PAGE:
Andrew McCutchen is back, again, for another year with the Pittsburgh Pirates. The 37-year-old’s one-year, $5 million contract is official and the 2024 season will be McCutchen’s 11th in the black and gold.
McCutchen, who spent 2009-17 with the Pirates, returned to his original club last offseason on an identical one-year deal.
Last winter, the Pirates were coming off of their second-straight 100-loss season. Though the belief was that McCutchen could still be a valuable contributor to help the team, the 15-year veteran was brought in just as much for his leadership as he was for his on-field abilities.
It was an ideal reunion between the two parties for a variety of reasons. For McCutchen, he had his best showing with the bat since a torn ACL limited him to just 59 games with the Philadelphia Phillies in 2019.
For the Pirates, not only did they see a revitalized fanbase thanks to the return of the fan favorite, but the on-field product finished the 2023 seasons with 14 more wins than they did in 2022.
Heading into his second year back with the Pirates, McCutchen is ready to put the Pirates’ prolonged rebuild to bed.
“I feel like there definitely needs to be steps taken forward,” McCutchen said on Wednesday while speaking with reporters over Zoom. “I feel like the Pirates have been under this window of development and rebuild. That’s always the word you always hear when it comes to teams that may struggle. They’ve got to find that way to build a championship ballclub.
“I think we’re in a place now where that’s out the window. There’s changes and things that need to be done. We need to be in a place to where we can win. Development and rebuild’s out of the window now.”
Those are strong words from McCutchen, who was part of the Pirates’ last playoff runs for three years from 2013-15.
Since then, the Pirates have had only one winning season, an 82-79 finish in 2018. After a lackluster 2019 season, owner Bob Nutting decided to clean house and bring in a new team president, general manager and manager.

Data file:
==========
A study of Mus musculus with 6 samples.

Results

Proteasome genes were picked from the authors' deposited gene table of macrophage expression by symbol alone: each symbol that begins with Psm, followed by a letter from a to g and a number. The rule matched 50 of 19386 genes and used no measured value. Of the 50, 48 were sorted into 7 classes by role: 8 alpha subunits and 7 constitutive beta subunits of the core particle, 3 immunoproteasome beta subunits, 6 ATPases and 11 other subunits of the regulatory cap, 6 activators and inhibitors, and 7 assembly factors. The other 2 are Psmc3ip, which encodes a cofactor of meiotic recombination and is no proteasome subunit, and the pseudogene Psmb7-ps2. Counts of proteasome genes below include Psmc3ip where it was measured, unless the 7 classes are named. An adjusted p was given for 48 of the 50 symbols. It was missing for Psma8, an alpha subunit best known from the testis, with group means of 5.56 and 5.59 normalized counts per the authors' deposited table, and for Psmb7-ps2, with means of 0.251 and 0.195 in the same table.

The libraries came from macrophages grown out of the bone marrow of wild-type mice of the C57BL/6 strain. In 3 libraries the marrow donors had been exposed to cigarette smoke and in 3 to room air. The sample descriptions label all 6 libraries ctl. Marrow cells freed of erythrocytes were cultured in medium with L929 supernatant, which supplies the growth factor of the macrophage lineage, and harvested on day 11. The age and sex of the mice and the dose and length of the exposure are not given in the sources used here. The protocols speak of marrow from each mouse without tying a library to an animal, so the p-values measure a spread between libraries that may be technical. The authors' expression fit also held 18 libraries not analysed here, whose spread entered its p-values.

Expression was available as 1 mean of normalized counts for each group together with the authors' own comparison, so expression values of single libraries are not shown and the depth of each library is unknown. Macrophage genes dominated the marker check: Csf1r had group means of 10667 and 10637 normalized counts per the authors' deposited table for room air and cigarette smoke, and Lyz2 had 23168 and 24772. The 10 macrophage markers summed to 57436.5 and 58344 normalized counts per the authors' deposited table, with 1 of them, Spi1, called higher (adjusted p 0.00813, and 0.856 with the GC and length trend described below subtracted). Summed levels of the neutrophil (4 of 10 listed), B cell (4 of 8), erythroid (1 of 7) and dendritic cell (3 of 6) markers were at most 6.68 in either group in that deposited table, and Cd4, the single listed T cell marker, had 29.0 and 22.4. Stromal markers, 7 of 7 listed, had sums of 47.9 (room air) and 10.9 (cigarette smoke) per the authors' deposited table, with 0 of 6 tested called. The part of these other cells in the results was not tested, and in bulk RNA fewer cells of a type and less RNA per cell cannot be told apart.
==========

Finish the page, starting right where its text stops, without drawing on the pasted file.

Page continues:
The general manager job ultimately went to Ben Cherington. Since taking the reigns, Cherington has completely revamped the organization in a large-scale rebuilding effort.
In what will be the new regime’s fifth season in 2024, it’s time for the Pirates to take that next step towards the postseason, at least in McCutchen’s eyes.
“There’s been enough seasoning, as far as from a club standpoint, the main eight, nine guys in the lineup to where it’s like, ‘All right, let’s put on our big-boy pants and get to work.’ It’s in a place to where we can do that,” McCutchen said.
“We have some guys that have been drafted and we have some guys in the minors that are eager, ready and hungry to be here on the ballclub. That’s great to have. And we have options. That’s great, too. Being able to have options for people that can come and be part of this ballclub and can help this ballclub win.”
Along with the in-house players, the Pirates have made a number of external additions this offseason. In addition to McCutchen, the Pirates added a pair of veteran left-handed starters in Marco Gonzales and Martín Pérez. They also signed first baseman Rowdy Tellez, traded for outfielder Edward Olivares and brought in catcher Ali Sánchez.
The Pirates are still seeking additional acquisitions as the offseason marches on.
With the additions already made, the ones still yet to happen and the players returning from last season, there’s no shortage of competition heading into the spring. For Andrew McCutchen, he’s hoping that competition will help eliminate ‘rebuild’ as a descriptive term of the Pirates’ organization.
“I really think spring training is going to be a little different this time around,” he said. “I’m not the manager, nor do I work for the front office, but I feel like there’s going to be a lot of positions to be won. There’s going to be a lot of rotation and bullpen spots to be won over, so it’s going to be a big competition for a lot of guys and I think that’s going to help the ballclub. It’s going to propel us into the season to get things started.”